Washington and Lee Law Professor Robin Fretwell Wilson has published an op/ed in the Tulsa World examining Hobby Lobby Store, Inc. and the company's decision to challenge the Affordable Care Act (ACA) requirement that employers provide access to birth control.
In the commentary, Prof. Wilson examines the costs to employers, and to employees, if companies choose not abide by the ACA's rules. Hobby Lobby faces a $1.3 millon a day fine for each day it fails to comply with certain provisions of the ACA. But Wilson argues that companies can get around this by simply dropping coverage all together for employees. From the op/ed:
"The mandates precipitate crushing penalties that no institution could sustain. Except for one thing: If these employers drop health-care coverage, incurring the fines, they no longer pay for the even greater per-employee cost of health-care coverage. Today, an individual plan costs $5,429 annually on average, a family plan $20,728 – with businesses footing from 70 percent to 80 percent of the cost.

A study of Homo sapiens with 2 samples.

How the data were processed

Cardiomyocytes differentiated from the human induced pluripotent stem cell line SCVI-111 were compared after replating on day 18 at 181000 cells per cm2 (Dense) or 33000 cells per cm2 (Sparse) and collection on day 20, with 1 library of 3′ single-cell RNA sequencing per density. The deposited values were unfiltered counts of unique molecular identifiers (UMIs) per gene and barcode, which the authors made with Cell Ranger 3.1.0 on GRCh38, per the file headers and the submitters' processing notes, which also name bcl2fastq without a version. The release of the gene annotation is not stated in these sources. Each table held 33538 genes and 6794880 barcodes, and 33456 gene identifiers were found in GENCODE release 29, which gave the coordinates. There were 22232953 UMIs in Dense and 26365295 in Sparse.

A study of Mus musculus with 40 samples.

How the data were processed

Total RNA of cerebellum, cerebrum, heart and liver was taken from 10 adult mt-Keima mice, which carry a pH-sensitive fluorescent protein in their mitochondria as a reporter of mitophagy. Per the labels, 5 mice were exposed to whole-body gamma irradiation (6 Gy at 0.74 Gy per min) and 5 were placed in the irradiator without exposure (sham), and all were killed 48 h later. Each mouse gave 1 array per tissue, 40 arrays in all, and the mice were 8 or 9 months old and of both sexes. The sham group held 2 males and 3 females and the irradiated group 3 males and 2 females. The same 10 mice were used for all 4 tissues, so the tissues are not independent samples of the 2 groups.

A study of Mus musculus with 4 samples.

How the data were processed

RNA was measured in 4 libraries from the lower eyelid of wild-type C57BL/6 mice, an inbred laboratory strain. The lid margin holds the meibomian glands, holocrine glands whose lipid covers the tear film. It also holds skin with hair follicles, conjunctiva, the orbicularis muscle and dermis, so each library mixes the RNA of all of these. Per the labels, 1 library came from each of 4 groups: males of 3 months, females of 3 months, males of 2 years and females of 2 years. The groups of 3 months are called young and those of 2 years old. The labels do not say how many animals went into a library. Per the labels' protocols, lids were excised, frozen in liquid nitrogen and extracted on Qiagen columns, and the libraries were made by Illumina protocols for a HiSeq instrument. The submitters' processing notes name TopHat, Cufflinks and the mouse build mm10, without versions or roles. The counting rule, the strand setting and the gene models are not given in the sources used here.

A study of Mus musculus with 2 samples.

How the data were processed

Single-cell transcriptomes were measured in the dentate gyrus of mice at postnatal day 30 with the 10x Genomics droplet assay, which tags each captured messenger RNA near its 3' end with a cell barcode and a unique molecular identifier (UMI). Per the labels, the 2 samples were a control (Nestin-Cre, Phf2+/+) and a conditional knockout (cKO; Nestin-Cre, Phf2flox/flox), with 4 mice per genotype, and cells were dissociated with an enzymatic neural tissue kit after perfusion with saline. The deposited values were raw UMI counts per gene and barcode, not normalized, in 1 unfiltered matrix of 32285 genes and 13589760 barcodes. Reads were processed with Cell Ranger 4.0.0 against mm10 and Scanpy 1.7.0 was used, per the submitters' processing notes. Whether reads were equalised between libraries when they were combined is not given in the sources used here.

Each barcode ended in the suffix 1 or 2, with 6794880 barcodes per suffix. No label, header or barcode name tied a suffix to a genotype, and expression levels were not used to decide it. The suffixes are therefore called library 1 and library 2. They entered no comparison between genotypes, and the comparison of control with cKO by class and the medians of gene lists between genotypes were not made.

True, employers might be forced to raise salaries to compete for higher-income employees. Economists generally agree employee benefits are a dollar-for-dollar substitute for wages. But, lower-income employees will not get salary boosts because they will be made better off financially by receiving premium tax credits.
All of this means that the cost of the nuclear option may not be nearly so grave as calculated penalties would lead one to believe."
The entire commentary is available online. Prof. Wilson, co-editor of the book "Same-Sex Marriage and Religious Liberty: Emerging Conflicts," will speak Jan. 28 at the University of Tulsa College of Law about Hobby Lobby and the contraceptive coverage mandate, in a public debate with Tulsa Associate Dean Tamara Piety, a law professor and First Amendment expert.